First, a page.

Even though their original tenure as a band spanned less than a decade, the lasting influence of Moncton lo-fi band Eric’s Trip is examined in A Distorted Revolution: How Eric’s Trip Changed Music, Moncton, and Me, the first book from Moncton author Jason Murray.
Formed in the early part of the 90’s, Eric’s Trip were the first Canadian act signed to the Sub Pop label, the original home of influential acts like Soundgarden, and Nirvana, among many others. The group’s non-conventional approach to making music – the bulk of their studio output was recorded at home – earned the group a dedicated fan-base that spanned the globe before the band parted ways in 1996.
Although the book charts the formation and eventual dissolution of Eric’s Trip, the book isn’t as much an official biography on the band as it serves to symbolize the vital, vibrant underground music scenes that inhabit countless cities and towns all over the world.
“Along with [Halifax rock band] Sloan, Eric’s Trip were one of the first groups from Atlantic Canada in the early 90’s to have received such widespread attention,” Murray says. “And while Eric’s Trip figure prominently in the book, it has as much to do with how their success came to inspire so many others in Moncton and beyond as it does the band itself. They helped instill a spirit of friends getting together to make music for nothing more than the sake of trying to capture some magic. If anything, the band proved you don’t need million dollar production budgets, and big brand name instruments to have some fun and earn a devout following.”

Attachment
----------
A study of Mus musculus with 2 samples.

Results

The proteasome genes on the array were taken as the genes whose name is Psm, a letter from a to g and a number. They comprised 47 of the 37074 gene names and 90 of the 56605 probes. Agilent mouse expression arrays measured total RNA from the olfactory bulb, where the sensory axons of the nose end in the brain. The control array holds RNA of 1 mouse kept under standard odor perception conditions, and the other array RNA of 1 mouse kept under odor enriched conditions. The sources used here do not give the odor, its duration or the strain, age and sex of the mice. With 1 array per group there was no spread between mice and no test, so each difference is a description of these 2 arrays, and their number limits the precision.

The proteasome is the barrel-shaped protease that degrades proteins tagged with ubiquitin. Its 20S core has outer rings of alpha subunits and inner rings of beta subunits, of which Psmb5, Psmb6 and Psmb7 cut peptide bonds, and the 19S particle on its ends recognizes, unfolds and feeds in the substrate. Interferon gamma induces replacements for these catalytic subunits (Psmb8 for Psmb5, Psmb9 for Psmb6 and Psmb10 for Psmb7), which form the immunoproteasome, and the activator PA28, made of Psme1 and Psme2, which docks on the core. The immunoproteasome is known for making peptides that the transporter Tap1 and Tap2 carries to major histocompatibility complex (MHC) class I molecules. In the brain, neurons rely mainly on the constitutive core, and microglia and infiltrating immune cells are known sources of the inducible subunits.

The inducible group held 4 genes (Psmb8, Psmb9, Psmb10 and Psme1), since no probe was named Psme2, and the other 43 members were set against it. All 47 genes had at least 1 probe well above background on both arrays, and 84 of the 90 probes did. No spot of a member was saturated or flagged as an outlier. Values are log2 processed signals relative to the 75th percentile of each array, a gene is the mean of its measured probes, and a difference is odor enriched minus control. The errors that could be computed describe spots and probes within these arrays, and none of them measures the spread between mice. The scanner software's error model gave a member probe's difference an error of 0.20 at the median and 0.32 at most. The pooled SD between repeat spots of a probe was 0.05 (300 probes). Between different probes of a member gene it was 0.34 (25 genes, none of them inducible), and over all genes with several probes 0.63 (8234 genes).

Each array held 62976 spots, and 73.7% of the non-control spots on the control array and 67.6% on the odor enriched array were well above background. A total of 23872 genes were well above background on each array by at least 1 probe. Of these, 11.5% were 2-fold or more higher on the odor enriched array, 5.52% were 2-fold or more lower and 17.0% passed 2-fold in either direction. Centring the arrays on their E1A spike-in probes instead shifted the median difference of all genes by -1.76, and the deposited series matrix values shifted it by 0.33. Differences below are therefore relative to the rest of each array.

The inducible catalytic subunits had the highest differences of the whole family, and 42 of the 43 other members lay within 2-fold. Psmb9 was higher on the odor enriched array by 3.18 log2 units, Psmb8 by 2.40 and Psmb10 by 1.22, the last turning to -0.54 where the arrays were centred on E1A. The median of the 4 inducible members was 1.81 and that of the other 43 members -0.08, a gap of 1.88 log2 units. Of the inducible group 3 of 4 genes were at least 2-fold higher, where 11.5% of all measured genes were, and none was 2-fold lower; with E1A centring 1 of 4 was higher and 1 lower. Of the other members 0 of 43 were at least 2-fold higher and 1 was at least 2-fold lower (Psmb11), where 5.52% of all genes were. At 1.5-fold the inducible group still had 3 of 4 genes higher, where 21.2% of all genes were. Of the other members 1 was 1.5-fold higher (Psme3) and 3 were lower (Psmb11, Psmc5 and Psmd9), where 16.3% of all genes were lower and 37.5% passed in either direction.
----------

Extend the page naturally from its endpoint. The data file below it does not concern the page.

As an observer, Murray acknowledges it was hard not to get caught up in the excitement, and do-it-yourself attitude that was swirling around Moncton in the early 90’s.
“I was inspired by the creative forces of the scene as much as I was the music. Seeing everyone take on the do-it-yourself aspect of making music and getting onto the shelves of local record stores, with their homemade covers and cassette sleeves. I was just blown away that the little city of Moncton had such a vibrant creative community working away to make things happen, with no expectations other than to play some local shows. They were doing it for the love of doing it and nothing else.”
In the book, Murray relates how the culture of skateboarding – very much an outsider past time in the late 80’s and early 90’s – and the music of The Ramones, among others, helped to unite a subset of teens that were uninterested in almost any respect of the mainstream.
“When I first started skateboarding, there was only a small group of us, but it helped shape who we were and who we became. None of us were worried about fitting in; we already had our own little gang and culture, of which music played a big part.”
As the author would discover, however, this wasn’t a Moncton-only phenomenon.
“For the book, I spoke with Keith Morris [Black Flag] and Ian MacKaye [Minor Threat, Fugazi], both of whom confirm what was happening culturally in Moncton in the 80’s and 90’s was happening, or had happened, all over the world. Ian told me, ‘Ideas come from small towns; sales come from big cities,’ which was evident when looking back on the early 90’s, when the microscope was finally cast upon the Monctons and Halifaxes of the world,” Murray says.
Since the book was released, Murray has received messages from readers that marvel at the similarities between the story he lays out and what is taking place in their own backyard. It’s that universality and manner in which music brings people together that is perhaps most gratifying to the author.
“In 2005, I was travelling through Australia and popped into a record store in Sydney, and on the wall was this huge Eric’s Trip poster. I spent the better part of a couple of hours talking with these guys, sharing with them how I came from the same town as the band, and having them tell me how hard it was to get their music in Australia at the time. To literally be a world away from home, but have Eric’s Trip serve as a common bond between us is a testament to the power of music.”